Governor Lamont finds a kindred spirit in the Jewish state

NEW HAVEN, Connecticut—It was billed as an “economic development mission … focused on building and strengthening connections between the Connecticut and members of Israel’s innovation ecosystem.” 

And so it was. 

But, according to Ned Lamont, the Connecticut Governor’s recent weeklong trip to the Jewish state — in which he and representatives from Connecticut’s public and private sectors met with venture capitalists, incubator, accelerators and thought leaders — turned to be that…and so much more. 

“Israel really rolled out the red carpet for Connecticut. I was so impressed,” said Lamont upon his return to Hartford on Thursday, February 24. 

The Governor attributed Israel’s especially warm welcome by Israeli leaders at least in part to a special connection between the Israel and Connecticut that makes them kindred spirits. 

“President Herzog said to me, ‘You know, you're small and innovative and punching above your weight class just like Israel, so we should do more together,” Lamont said, noting that Connecticut is the first state to send an official mission to Israel in two years. 

At a news conference in New Haven held on Monday, Feb. 28, just four days after Lamont’s return home, the Governor discussed some of the highlight’s of his trip. 

The delegation from Connecticut included representatives from Raytheon, Hartford HealthCare, Digital Currency Group, the Jewish Federation Association of Connecticut, the University of Connecticut, the Connecticut Department of Economic and Community Development, and Connecticut Innovations. 

The governor and the delegation met with partners and founders from Strauss Group, Viola, Vintage and OurCrowd and attended several roundtable discussions with Google. The trip culminated with a VentureClash event led by Connecticut Innovations, the state’s venture capital arm and featured six pitches from companies looking to expand to the United States. 

In addition to meeting with business leaders, Governor Lamont met with several Israeli officials, including Prime Minister Naftali Bennett, Foreign Minister Yair Lapid, President Isaac Herzog, and Dr. Salman Zarka, Israel’s chief COVID-19 officer. Interim UConn President Dr. Radenka Maric and representatives from Technion also led a session around their clean energy initiative. 

Lamont was especially moved by his visit to Yad Vashem, Israel’s official memorial to the victims of the Holocaust, where on February 22, he participated in a lighting ceremony of the Eternal Flame. Following his tour and a wreath laying ceremony, he gave brief remarks about the importance of remembering our shared history so that atrocities and genocide, like the Holocaust, never happen again. Lamont’s emotional remarks at Yad Vashem can be viewed at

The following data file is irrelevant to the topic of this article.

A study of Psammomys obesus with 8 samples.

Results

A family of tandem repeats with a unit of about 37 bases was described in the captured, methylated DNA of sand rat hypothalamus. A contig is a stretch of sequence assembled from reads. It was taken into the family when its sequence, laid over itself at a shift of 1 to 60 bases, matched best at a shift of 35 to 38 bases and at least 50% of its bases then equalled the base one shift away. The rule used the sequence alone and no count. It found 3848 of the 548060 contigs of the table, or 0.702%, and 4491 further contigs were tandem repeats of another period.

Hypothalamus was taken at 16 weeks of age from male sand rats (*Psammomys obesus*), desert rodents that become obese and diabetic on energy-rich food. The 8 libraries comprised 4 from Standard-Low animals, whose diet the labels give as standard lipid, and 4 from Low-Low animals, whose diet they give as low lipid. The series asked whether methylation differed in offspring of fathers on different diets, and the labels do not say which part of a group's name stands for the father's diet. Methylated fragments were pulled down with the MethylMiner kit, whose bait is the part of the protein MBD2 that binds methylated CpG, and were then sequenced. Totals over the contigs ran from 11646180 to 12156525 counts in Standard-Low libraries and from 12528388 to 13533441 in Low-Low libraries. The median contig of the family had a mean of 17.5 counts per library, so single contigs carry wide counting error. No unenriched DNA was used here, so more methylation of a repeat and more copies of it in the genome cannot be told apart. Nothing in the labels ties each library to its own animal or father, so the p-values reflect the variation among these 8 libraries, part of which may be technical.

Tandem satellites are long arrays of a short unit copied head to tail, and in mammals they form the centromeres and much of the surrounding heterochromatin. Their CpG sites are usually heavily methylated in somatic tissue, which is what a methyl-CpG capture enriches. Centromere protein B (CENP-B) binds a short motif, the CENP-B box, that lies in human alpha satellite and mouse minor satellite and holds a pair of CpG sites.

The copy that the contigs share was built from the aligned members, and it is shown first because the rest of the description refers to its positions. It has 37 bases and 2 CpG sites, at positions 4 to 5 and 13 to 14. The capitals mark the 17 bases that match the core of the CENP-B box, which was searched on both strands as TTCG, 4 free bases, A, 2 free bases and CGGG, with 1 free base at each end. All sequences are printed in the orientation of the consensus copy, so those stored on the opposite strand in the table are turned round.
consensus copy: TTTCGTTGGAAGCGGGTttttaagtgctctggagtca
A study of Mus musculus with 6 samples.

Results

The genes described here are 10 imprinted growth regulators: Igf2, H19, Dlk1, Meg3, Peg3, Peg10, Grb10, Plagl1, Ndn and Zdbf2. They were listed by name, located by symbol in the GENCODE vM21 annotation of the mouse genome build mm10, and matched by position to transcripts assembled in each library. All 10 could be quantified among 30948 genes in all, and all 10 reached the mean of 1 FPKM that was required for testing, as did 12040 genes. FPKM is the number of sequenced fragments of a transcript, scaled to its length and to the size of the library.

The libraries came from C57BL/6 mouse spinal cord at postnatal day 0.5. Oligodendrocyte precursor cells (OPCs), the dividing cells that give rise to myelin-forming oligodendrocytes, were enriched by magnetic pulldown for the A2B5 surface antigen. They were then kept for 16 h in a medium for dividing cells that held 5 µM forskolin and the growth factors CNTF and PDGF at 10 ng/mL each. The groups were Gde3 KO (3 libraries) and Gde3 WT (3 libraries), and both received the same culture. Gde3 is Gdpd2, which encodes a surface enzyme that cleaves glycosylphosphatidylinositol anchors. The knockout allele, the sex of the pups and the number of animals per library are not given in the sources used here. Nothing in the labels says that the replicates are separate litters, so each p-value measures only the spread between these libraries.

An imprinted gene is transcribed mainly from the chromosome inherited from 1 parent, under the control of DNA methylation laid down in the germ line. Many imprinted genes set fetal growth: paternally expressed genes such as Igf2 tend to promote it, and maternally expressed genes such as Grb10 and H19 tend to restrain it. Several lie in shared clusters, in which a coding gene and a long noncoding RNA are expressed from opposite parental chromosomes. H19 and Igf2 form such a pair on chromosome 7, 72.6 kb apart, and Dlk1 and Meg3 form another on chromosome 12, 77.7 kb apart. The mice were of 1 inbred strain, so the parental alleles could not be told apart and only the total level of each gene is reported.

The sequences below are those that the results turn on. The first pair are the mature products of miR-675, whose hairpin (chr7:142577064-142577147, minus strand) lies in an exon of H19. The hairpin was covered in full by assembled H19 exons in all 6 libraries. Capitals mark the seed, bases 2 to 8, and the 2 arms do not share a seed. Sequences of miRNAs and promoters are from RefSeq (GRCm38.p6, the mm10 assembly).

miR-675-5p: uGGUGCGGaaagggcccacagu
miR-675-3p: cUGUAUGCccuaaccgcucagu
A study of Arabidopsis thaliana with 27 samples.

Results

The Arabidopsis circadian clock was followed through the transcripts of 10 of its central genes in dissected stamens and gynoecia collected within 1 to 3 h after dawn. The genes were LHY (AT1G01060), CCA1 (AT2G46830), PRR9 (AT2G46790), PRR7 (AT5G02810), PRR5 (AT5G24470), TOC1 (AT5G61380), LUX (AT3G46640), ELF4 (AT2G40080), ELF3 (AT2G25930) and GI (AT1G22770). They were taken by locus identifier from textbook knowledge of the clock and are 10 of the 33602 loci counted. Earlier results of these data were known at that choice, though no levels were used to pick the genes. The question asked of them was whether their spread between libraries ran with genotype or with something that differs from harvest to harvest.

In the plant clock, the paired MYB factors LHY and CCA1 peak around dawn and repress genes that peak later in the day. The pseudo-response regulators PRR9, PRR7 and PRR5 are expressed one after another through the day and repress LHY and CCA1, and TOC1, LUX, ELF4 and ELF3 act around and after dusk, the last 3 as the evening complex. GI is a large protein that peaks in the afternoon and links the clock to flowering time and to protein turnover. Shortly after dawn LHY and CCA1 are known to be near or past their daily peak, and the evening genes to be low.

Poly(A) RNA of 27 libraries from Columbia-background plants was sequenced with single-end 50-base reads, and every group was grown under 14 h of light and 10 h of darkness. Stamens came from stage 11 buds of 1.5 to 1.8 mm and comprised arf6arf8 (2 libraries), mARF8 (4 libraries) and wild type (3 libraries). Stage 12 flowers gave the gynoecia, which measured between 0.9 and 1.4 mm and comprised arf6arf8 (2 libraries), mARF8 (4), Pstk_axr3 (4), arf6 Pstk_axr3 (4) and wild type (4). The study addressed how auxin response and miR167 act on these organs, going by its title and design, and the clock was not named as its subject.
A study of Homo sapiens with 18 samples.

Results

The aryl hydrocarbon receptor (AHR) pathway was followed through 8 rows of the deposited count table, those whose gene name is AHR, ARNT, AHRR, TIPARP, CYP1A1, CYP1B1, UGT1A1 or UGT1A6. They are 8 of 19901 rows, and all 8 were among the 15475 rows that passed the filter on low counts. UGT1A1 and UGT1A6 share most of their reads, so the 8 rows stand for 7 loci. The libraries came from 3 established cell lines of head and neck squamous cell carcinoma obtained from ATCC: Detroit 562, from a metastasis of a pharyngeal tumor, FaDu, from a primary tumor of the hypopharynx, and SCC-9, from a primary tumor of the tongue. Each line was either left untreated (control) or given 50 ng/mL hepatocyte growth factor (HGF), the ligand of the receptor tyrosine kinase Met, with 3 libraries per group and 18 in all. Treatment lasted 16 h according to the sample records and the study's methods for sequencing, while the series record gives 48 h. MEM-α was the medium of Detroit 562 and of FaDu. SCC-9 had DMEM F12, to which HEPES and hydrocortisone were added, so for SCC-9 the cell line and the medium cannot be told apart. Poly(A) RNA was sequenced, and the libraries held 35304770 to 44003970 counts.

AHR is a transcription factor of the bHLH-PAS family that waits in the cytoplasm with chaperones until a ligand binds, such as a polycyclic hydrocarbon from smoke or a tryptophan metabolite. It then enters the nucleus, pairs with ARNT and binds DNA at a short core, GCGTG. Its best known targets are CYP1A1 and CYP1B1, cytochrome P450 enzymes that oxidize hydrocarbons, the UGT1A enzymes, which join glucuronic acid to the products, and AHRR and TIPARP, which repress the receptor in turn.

As for the mission’s goal — to meet with business leaders and learn more about the innovation ecosystem in Israel — the Governor described it as a great success. 

“In addition to meeting with more than a dozen businesses in Israel, we also met with leading investors, incubators, accelerators, and thought leaders in the country. From those meetings, we have already established next steps and additional opportunities to work together in the future,” he said at the news conference. 

“We were fortunate to bring the best and the brightest Connecticut delegation members with us to meet and network with early-stage companies interested in expanding to the United States,” Matt McCooe, CEO of Connecticut Innovations, said. “We continue to further our efforts to turn Connecticut into a global tech and bioscience destination for companies and talent.” 

“We had an incredibly productive trip to Israel,” Connecticut Department of Economic and Community Development Commissioner David Lehman said. “The governor led delegation meetings with high-growth Israeli companies, venture firms, established companies, and the Israeli government. Our meetings were singularly focused on how to increase collaboration between our two economies and mutually beneficial direct investment. I am optimistic about the future of the Connecticut-Israel economic relationship.”